What are the OECD Principles on AI?
On May 22, 2019, 42 countries adopted the OECD’s principles on AI. In order to help develop these principles, the OECD convened an expert group on AI governance to develop a set of recommendations. Ryan Budish, Assistant Director for Research at Berkman Klein, and Urs Gasser, Executive Director, participated in this expert group alongside representatives of 20 governments as well as leaders from the business, labour, civil society, academic, and science communities. The expert groups’ proposals were reviewed by the OECD and developed into the OECD AI Principles ultimately adopted in May.
The OECD AI Principles identify five complementary values-based concepts for the responsible stewardship of trustworthy AI:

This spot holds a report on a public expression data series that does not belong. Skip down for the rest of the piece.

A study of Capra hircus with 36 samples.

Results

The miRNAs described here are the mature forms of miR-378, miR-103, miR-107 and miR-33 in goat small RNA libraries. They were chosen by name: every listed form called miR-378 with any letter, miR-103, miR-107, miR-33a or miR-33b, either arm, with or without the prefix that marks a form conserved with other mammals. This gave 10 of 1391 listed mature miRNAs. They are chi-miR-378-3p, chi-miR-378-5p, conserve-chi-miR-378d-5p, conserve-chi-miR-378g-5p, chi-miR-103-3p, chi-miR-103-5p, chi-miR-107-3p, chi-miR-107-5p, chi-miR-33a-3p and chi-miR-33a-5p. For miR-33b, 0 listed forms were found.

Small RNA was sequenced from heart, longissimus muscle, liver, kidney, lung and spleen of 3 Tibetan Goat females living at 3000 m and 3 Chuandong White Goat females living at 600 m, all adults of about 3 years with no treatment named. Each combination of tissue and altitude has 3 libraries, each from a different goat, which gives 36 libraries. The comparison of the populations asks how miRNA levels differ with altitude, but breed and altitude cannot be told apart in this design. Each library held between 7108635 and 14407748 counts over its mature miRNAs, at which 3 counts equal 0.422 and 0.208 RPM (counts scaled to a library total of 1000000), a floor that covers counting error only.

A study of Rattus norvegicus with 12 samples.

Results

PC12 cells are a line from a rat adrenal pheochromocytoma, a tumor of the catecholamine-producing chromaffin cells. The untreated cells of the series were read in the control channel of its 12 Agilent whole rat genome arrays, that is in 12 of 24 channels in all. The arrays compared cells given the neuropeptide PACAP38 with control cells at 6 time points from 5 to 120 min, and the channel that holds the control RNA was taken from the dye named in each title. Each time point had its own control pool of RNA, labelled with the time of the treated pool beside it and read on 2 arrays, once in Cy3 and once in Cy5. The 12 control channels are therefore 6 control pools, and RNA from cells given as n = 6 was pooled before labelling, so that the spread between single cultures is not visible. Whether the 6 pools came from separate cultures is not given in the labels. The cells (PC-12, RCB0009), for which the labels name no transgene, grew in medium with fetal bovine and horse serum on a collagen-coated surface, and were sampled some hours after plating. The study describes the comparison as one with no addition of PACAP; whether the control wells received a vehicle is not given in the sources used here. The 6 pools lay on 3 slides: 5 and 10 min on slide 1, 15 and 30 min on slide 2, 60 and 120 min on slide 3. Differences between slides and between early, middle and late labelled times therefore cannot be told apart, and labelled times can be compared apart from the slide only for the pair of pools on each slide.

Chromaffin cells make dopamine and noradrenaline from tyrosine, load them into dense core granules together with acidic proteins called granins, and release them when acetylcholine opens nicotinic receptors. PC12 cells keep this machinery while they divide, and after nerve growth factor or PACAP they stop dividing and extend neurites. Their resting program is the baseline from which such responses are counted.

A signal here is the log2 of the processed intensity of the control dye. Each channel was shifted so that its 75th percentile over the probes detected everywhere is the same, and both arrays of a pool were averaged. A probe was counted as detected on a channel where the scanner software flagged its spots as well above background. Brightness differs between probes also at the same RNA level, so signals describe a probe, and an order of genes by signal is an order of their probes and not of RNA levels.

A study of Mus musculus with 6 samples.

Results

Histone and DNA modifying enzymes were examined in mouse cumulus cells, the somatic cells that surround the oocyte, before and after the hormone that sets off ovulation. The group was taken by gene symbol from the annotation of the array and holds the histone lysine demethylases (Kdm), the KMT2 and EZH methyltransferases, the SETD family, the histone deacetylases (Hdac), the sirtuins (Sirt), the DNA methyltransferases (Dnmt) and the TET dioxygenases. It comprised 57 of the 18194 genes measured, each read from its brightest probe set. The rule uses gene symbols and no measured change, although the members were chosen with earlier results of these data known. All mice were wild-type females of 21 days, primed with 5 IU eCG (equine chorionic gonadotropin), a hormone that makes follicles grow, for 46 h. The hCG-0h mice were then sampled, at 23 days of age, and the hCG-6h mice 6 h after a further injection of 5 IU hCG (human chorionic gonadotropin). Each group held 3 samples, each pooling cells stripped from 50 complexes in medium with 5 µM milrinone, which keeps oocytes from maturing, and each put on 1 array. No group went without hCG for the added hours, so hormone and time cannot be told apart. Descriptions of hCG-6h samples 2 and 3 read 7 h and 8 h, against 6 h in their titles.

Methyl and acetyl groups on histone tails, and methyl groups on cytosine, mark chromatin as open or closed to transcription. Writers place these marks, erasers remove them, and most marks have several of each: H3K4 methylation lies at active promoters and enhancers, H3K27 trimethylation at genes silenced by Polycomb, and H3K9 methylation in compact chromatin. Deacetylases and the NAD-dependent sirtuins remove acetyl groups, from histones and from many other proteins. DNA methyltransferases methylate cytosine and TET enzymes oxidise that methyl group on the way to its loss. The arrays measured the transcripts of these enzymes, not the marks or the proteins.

AI should benefit people and the planet by driving inclusive growth, sustainable development and well-being.
AI systems should be designed in a way that respects the rule of law, human rights, democratic values, and diversity, and implement appropriate safeguards – for example, enabling human intervention where necessary – to ensure a fair and just society.
There should be transparency and responsible disclosure around AI systems to ensure that people understand AI-based outcomes and can challenge them.
AI systems must function in a robust, secure and safe way throughout their life cycles and potential risks should be continually assessed and managed.
Organisations and individuals developing, deploying, or operating AI systems should be held accountable for their proper functioning in line with the above principles.